A Lapse of Time
Photographer David Burdeny believes the camera captures a moment in time where reality is denied
THE ARTIST David Burdeny
WAITING AND WATCHING “Photography has taken me to some of the most beautiful, strange and fascinating places you can imagine. I’m often out photographing during odd hours of the day or night—always alone for several hours at a time waiting for the exposure to run its course or simply waiting for the right conditions. In our hurried world it’s a great luxury to slow down and feel time pass by while watching the snow fall, or the clouds move. It’s this meditative aspect of the process that I love so much.”
SASKATCHEWAN SERIES “I grew up on the Canadian prairies and made my first photographs there. All through university I still made images of the less-populated areas of central Canada, but because I was so ‘close’ to it, I was unable to see the exotic beauty of what was there. It took a 40-year absence from living there and a few circles around the globe to make me realize what I had been searching for was right under my nose.”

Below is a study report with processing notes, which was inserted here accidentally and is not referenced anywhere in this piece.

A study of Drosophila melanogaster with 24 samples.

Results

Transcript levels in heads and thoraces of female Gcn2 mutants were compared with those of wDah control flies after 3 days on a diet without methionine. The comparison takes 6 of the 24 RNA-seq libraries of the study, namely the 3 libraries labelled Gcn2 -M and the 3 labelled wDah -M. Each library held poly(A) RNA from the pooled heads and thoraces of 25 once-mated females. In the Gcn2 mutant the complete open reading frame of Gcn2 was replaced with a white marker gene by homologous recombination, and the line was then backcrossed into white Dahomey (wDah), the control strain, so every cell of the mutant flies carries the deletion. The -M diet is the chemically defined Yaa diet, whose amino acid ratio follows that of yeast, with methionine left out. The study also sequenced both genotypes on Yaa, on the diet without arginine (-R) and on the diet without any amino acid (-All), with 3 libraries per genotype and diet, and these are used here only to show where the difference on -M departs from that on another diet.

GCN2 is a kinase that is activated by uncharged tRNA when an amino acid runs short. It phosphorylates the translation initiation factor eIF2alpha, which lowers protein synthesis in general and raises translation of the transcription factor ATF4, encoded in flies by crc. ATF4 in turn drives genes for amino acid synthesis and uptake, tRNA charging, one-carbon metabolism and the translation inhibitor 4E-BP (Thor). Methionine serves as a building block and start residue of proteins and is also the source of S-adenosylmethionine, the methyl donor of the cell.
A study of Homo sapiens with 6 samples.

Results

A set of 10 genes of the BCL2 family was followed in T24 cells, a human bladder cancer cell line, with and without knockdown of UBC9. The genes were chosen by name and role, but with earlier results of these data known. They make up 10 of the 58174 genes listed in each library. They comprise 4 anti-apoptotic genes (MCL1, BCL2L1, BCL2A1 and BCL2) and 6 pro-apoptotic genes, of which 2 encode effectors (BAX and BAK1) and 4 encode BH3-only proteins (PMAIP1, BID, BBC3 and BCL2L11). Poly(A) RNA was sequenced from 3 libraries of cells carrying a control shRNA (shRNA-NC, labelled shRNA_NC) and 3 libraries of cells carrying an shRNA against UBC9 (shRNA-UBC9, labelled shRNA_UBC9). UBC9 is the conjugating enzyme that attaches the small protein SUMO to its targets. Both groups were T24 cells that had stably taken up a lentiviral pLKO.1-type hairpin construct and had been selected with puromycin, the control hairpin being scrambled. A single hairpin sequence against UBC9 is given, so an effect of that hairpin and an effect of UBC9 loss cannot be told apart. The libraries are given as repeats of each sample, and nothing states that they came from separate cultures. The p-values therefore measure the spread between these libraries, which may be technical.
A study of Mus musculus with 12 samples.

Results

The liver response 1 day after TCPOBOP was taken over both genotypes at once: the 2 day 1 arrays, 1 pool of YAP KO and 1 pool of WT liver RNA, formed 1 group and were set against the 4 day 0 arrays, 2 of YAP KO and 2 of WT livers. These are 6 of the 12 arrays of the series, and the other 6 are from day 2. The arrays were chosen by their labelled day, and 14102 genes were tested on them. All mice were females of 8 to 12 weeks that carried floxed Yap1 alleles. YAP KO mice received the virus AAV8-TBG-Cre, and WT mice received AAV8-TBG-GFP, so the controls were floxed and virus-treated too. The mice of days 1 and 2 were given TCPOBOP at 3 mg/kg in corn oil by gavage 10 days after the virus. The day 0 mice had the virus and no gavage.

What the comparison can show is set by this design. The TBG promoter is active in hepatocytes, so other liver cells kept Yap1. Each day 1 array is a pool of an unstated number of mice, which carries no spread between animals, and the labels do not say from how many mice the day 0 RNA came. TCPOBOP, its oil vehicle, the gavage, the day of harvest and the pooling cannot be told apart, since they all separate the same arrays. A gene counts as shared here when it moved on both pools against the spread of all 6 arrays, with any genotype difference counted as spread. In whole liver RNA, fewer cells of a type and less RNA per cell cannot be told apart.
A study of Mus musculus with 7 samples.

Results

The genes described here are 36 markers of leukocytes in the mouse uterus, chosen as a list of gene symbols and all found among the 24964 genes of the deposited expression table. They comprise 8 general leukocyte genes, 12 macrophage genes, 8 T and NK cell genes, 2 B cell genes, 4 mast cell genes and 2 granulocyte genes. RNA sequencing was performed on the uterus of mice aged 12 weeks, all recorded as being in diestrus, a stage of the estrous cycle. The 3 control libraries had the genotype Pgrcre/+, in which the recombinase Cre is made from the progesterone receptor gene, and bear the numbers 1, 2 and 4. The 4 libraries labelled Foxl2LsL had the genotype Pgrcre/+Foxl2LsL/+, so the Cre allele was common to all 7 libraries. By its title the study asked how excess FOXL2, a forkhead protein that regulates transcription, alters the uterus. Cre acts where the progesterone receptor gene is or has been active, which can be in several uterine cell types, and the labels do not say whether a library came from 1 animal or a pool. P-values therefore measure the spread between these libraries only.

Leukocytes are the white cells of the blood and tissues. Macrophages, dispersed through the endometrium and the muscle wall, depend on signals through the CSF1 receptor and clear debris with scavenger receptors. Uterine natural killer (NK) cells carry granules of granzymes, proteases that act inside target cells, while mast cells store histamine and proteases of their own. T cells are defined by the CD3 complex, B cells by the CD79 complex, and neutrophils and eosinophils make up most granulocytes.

A BEAUTIFUL SADNESS “Early in my career I began traveling to Japan and was bewitched by so many of its cultural and aesthetic sensibilities, with my favorite being the concept of ‘mono no aware,’ or the pathos of things, which is roughly understood as the bittersweet realization that all things are impermanent and everything is transient and of its own time and place. In most of my pictures, the camera is not so much a witness to the moment but registers a state of being, a lapse of time where reality is denied and enriched by the photograph.”
NEXT Burdeny is working on a new series of images based on the orotone process, using glass transparency and gold leaf.